Democratic Alliance (DA) federal council chairperson James Selfe says the party is ready for whatever happens in the various metros it co-governs around the country, following threats from its partners, the Economic Freedom Fighters (EFF).
EFF leader Julius Malema last month said the party would be tabling a motion of no confidence against Nelson Mandela Bay Mayor Athol Trollip as “punishment” for the DA’s stance on land expropriation without compensation.
Malema however said the two other DA-governed Gauteng metros, Johannesburg and Tshwane, were safe for now.
News24 spoke to Selfe in the run-up to the DA’s federal congress next month. Selfe is running to retain his position as DA federal council chair, a post he has held for 18 years.
He told News24 the party was not worried about its future in the metros, and was prepared to return to the opposition benches if the two parties cannot agree on the Constitution’s “property clause”.
“We feel very firmly that section 25 of the Constitution as it is currently conceived is the right way to approach the issue of expropriation of land. There is nothing in section 25 that stops expropriation from taking place.
“The fact that the ANC government has taken so long and has been so tardy in getting land reform off the ground makes it convenient for them to blame section 25. We believe it’s a smokescreen.
“As far as the EFF is concerned, we are perfectly prepared to go into opposition on this issue if we have to, but then the EFF has to take responsibility for reintroducing corrupt governments in major municipalities.”
Were the EFF to make good on its threats to form a government with the ANC with a suitable mayoral candidate, it would be “same-old, same-old”, he believed.
“And the wonderful programmes we have gotten underway, specifically rooting out R14-billion in corruption in Johannesburg alone, will have to wait for another day to be complete.
“Kom ek om, so kom ek om (If that’s how I go, that’s how I go),” he said quoting the late DF Malan.
The DA has been criticised in recent times for retaining leaders, most of whom are white or male, in certain senior positions over the years. The most recent criticism came from the party’s own embattled Cape Town Mayor Patricia de Lille.
Selfe, however, dismissed the criticism, saying the party had grown under its leadership, and its faces had changed over time.
“The party has grown in every election since 1994, and there has been a team and individuals who have helped achieve that,” he said.
“There might be the same individuals, or personalities might change, but in essence, we innovate, we adapt, we make changes that need to be changed.
“We also learn from our mistakes, and if that is done by the same team, it seems perfectly acceptable.”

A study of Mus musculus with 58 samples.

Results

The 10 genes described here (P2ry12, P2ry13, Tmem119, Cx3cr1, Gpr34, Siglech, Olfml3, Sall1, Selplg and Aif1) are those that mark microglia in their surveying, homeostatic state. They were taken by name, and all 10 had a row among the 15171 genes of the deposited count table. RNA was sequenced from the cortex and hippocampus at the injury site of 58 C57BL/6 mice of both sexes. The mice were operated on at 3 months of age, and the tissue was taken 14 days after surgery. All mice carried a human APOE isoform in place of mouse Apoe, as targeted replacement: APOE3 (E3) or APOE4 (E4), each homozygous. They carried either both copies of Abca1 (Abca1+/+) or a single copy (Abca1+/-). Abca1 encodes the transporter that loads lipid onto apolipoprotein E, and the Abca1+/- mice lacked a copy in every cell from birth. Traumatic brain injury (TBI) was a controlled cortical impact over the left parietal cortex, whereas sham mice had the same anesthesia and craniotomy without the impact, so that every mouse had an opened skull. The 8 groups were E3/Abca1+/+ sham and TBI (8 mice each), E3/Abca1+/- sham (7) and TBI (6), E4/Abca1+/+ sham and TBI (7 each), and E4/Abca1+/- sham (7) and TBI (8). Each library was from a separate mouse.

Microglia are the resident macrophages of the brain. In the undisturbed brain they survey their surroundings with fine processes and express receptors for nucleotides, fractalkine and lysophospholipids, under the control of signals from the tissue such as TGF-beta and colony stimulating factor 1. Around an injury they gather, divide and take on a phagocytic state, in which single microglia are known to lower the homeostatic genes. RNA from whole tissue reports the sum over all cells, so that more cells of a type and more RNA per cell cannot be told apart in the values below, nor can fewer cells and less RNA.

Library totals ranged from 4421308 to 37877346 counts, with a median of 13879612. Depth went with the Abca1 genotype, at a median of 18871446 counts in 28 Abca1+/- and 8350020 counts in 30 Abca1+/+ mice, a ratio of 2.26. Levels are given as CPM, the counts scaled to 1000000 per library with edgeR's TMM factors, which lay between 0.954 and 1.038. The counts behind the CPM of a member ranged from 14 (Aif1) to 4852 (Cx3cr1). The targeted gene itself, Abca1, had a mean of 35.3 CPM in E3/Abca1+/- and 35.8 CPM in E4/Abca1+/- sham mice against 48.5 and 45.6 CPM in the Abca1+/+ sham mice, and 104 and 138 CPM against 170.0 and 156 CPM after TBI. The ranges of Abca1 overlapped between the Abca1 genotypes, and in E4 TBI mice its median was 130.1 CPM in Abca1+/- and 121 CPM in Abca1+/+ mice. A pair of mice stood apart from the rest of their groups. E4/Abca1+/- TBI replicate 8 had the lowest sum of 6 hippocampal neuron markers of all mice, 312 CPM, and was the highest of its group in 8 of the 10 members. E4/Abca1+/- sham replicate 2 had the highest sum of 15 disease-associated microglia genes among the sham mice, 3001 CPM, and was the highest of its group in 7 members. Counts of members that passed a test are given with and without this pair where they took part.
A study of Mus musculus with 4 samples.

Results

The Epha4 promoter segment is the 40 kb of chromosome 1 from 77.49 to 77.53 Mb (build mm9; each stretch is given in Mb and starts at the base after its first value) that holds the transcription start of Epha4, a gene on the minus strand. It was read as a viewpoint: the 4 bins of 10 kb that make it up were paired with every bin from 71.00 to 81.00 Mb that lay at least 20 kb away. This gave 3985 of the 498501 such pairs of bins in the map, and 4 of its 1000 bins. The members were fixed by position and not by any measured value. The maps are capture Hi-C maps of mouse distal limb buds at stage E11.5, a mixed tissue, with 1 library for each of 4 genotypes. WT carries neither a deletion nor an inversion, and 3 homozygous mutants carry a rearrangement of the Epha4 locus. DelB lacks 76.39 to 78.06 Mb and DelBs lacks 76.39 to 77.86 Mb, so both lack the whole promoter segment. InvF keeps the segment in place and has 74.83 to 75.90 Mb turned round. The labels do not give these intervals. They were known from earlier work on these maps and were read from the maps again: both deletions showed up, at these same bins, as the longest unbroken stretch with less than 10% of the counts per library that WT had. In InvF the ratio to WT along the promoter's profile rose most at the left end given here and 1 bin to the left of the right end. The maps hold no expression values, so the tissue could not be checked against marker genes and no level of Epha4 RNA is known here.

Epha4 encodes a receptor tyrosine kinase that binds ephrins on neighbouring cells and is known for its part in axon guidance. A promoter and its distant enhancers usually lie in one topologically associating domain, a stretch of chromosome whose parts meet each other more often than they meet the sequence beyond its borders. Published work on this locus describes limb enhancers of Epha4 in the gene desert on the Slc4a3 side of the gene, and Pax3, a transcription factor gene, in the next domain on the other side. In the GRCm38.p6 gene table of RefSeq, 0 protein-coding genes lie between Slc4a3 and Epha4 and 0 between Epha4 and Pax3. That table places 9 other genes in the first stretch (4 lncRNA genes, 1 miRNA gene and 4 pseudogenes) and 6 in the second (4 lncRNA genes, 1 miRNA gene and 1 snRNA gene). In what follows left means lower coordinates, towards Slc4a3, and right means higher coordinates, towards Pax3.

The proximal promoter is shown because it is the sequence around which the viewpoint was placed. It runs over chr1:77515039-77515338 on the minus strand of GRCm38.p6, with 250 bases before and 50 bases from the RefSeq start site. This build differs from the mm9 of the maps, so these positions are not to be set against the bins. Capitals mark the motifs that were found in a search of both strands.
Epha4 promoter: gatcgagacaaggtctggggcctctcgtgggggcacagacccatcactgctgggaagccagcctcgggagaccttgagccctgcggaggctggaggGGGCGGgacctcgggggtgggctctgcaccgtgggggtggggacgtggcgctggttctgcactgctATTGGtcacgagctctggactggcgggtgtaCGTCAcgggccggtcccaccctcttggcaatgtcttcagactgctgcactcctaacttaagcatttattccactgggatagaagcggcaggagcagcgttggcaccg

There was “undoubtedly” space to include more people of colour and more women in leadership positions, and he hoped that came through in the upcoming conference.
“One of the constitutional amendments we are proposing is two deputy chairpersons to my position, and I would hope one or both of them would be devoted to people of diversity that can be trained up to do what is in essence a complex job.”
Selfe said he still had the energy, enthusiasm, and valuable institutional knowledge to continue in the post until 2022, in what will likely be his final term.
The party has done a lot of work in preparation for the 2019 election, and he wanted to see through projects and other “innovations” in the party’s structural design.
Selfe acknowledged that the recent change in leadership in the ANC and the election of Cyril Ramaphosa as president of the country meant the DA had to adapt the new dynamic, particularly as Parliament gets back to the business of debating ideas.
“To be perfectly frank, while Zuma was president, being opposition was like shooting fish in a tank. I think it’s now a little more complicated, and we are going to have to box smart.
“One of the great advantages, is that for the first time since 1994, there is a real contestation in Parliament on the areas of ideas.
“So whether it is expropriation of land, the position of the Reserve Bank, how to fund higher education, these are complex issues, we have solutions, and we believe we can debate those issues and propagate to the South African electorate.”
One of those issues is the pressing land question, and how the DA will tackle its minority stance in the House.
Selfe said his party’s polling results showed that, while land was a pressing issue that must be addressed, it was not, in their view, what black voters primarily wanted.
“If you polled black voters as we have, you would find that land itself is not the issue. It’s a very emotional issue that speaks to justice and repossession, that I concede.
“But actually the real need of black voters is skills and jobs. We intend to take the fight for skills and jobs to the SA electorate over time.”
The DA’s federal congress will take place on April 6 and 7, with nominations closing this Friday.
The party will elect a new leader, a federal chairperson and deputy. It will also elect chairpersons of its federal council and its finances, and a new 155-member federal council.